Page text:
Microsoft has detected a new zero-day exploit in their Microsoft Office Suite. This exploit in Microsoft Word could allow remote code execution in maliciously formed Rich Text Format (RTF) documents. This can even affect users using the Microsoft Outlook Preview Pane, which opens the preview in Microsoft Word. The document’s code corrupts system memory and executes attack code. It is OS-agnostic, even infecting users with the Microsoft Office Suite installed who use Microsoft Outlook and Word on their Macintosh. This attack is now public knowledge and currently found “in the wild.” It has already been used to attack Microsoft Word 2010 installations, but the vulnerability is spread throughout multiple versions of the Microsoft Office Suite from Microsoft Office 2003 to Microsoft Office 2013. It is also important to note that Microsoft Word is the default email previewer in Microsoft Outlook in Microsoft Office versions 2007, 2010, and 2013.
The exploit assumes the permissions of the current user it has infected. An attacker exploiting this code gains the potential for full operation of that user’s computer. The attacker could then use remote commands to install new software, manipulate the user’s data, and even create new accounts with administrative permissions for better access.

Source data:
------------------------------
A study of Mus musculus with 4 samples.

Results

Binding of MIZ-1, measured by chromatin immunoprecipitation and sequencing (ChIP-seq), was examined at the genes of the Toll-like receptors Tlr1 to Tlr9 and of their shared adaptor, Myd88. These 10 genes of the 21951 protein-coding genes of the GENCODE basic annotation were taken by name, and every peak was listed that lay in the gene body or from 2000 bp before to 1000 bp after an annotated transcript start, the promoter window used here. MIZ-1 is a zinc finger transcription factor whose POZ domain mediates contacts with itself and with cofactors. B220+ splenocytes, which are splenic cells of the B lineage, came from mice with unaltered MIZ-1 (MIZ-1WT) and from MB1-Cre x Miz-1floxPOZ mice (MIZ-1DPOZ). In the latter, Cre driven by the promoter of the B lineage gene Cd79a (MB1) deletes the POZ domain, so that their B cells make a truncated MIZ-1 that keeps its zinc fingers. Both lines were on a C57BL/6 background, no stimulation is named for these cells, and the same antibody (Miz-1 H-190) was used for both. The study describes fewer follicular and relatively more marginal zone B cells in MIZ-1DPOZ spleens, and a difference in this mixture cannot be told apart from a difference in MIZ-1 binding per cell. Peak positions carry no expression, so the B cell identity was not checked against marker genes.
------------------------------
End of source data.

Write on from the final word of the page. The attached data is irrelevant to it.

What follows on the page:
There is an automated “Fix-It” tool released by Microsoft until a patch is made available in the near future. This “Fix-It” tool disables the opening of RTF content in Microsoft Word. It can be found here: https://support.microsoft.com/kb/2953095
Microsoft also says that their Enhanced Mitigation Experience Toolkit also prevents code from running in a malformed RTF file. This option is a little more complicated to setup than the “Fix-It” tool above, so proceed with caution. http://support.microsoft.com/kb/2458544
Other forms of protection include blocking RTF files from opening in affected versions of Microsoft Word via Active Directory Group Policies. Clients utilizing an IT/365 managed service plan that includes Patch Management will automatically be patched as soon as an update is released from Microsoft.